Kosher consumers can breathe easy: medical marijuana may soon be getting kosher certification, The New York Post reported.
The US-based Orthodox Union (OU) is mulling a request by Colorado-based cannabis producers to certify their products and is likely to accede.
“We found it fascinating actually, and we believe there’s room for this in the world of kosher certification,” Rabbi Moshe Elefant of the OU’s kosher certification department told The NY Post. According to the paper, the OU was approached several weeks ago by a firm which owns several marijuana production facilities in Colorado, looking to certify its products for the kosher market.
“The cannabis itself, there’s no debate as to whether it’s kosher,” Ean Seeb, who owns Denver Relief, a marijuana shop, told The Cannabist. “It’s a leaf, just like fruits and vegetables. It’s everything else that goes into the edibles that determines it being kosher. What were the ingredients? Was it made in a kosher kitchen? Were their processes used to make it up to kosher standards?”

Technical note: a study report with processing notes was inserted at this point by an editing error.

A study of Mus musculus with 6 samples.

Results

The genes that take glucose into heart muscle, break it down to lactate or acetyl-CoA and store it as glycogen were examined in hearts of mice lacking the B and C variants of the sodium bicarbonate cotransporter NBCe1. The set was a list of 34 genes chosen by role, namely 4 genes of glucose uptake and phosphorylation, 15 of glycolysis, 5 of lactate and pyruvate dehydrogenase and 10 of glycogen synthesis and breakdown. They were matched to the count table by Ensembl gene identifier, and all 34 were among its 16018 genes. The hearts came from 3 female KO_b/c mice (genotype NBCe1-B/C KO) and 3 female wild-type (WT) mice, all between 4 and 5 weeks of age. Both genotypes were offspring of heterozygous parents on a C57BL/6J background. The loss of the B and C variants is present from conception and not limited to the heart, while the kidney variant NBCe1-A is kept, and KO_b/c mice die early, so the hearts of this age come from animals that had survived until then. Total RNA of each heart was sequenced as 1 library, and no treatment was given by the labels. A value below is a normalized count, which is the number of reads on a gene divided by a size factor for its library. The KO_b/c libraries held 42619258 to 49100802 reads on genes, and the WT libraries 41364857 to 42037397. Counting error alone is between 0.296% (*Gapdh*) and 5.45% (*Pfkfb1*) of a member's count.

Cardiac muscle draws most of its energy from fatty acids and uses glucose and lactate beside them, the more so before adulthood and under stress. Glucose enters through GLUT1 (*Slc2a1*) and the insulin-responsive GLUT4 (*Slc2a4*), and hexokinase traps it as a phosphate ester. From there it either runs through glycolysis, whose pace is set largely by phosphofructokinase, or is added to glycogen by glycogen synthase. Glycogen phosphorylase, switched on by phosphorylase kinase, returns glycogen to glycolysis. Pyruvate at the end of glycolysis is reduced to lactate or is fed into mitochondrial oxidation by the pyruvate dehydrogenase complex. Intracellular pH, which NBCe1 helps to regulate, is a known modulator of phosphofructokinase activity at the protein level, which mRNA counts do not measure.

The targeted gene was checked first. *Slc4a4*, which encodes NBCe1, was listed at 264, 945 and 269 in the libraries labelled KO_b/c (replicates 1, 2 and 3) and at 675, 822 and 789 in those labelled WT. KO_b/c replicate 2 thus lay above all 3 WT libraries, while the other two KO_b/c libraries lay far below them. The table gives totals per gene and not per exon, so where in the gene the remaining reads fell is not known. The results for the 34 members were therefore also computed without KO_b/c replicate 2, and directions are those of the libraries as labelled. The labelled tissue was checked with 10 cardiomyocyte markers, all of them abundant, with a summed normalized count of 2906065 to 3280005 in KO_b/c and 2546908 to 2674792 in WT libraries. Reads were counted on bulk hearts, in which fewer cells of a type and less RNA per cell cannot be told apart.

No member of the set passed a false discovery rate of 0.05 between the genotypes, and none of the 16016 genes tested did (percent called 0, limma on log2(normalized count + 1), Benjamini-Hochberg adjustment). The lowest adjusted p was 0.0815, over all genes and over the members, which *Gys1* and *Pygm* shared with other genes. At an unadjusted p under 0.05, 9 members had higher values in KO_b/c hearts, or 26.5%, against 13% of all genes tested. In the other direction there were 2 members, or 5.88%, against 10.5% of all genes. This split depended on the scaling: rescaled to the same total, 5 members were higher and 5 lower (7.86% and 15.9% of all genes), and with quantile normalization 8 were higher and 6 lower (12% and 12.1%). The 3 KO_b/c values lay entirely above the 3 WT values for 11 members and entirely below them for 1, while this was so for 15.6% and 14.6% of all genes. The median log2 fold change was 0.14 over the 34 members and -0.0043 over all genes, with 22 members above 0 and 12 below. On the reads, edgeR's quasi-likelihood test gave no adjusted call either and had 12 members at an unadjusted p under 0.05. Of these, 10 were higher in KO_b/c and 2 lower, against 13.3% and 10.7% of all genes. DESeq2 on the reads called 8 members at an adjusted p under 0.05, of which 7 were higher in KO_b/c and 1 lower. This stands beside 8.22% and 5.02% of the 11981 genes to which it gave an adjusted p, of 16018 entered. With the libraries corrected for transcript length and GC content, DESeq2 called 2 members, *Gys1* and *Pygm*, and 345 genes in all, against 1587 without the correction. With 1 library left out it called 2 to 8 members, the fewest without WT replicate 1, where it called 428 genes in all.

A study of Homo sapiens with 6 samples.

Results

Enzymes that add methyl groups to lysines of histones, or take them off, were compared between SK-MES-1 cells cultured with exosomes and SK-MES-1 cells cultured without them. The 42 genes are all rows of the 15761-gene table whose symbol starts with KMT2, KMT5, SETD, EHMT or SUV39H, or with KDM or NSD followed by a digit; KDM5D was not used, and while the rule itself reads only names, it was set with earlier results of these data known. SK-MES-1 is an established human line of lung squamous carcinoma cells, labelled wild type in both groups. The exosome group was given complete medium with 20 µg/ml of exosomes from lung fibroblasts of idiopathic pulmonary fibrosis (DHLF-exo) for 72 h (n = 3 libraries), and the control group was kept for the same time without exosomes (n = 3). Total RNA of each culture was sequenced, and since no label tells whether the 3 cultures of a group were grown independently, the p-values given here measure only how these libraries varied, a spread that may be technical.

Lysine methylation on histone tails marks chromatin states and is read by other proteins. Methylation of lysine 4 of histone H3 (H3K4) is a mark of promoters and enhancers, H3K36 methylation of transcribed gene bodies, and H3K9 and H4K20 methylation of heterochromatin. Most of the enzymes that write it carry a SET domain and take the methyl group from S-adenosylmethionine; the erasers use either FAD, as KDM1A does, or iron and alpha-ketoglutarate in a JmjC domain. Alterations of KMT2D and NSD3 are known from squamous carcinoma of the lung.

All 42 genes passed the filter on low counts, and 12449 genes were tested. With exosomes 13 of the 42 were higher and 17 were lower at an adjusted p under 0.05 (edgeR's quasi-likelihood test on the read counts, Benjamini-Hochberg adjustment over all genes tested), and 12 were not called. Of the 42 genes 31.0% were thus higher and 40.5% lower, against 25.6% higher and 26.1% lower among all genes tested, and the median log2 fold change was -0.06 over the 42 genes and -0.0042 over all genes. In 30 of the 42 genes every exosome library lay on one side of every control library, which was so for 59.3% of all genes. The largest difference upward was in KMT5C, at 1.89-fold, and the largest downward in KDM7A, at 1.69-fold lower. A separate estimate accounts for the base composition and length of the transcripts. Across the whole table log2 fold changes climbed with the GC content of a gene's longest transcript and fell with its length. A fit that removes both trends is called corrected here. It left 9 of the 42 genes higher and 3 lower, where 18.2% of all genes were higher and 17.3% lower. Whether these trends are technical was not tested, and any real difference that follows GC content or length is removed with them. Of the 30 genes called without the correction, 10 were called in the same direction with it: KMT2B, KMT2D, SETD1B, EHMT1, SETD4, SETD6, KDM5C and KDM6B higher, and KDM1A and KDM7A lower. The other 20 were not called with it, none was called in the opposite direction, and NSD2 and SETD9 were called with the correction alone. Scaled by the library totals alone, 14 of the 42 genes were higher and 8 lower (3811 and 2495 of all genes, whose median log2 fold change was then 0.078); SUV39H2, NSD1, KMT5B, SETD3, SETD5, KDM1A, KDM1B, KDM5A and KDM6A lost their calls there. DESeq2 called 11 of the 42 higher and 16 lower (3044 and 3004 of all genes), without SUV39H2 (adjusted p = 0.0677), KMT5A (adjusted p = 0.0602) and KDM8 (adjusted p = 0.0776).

Over half the states in the US have legalized cannabis for medical use in the past few years. In Colorado and Washington State, even recreational marijuana is legal for users over 21. Most Orthodox Rabbinic authorities, however, forbid its recreational use, under the Torah principle prohibiting self-harm. The kosher certification would be strictly for medical purposes.
“Just as the OU gives out kosher certificates for vitamins or for any other medical product, after an examination of the ingredients, it is possible in principle to issue kosher certificates for cannabis, as long it is solely for medical uses and in countries where it is permitted by law,” Rabbi Avi Berman of OU Israel told Ynetnews.
In New York, which is home to as many Jews as Israel, including a significant religious population, smoking marijuana remains illegal. Authorized medical users would need to take pills or oils, or possibly ingest marijuana in edible form, such as cookies or cakes.
“If it was just a Colorado company (looking to certify its edibles as kosher), it would be more about hype than anything else,” Seeb said. “There is likely a small number of Orthodox Jews in Colorado who are consuming cannabis recreationally or medically and are looking for a kosher edible. But given the state of the industry in general with cannabis in Colorado, all these companies are expanding and putting licensing together for other states, so this is foresight for a bigger market share in general.”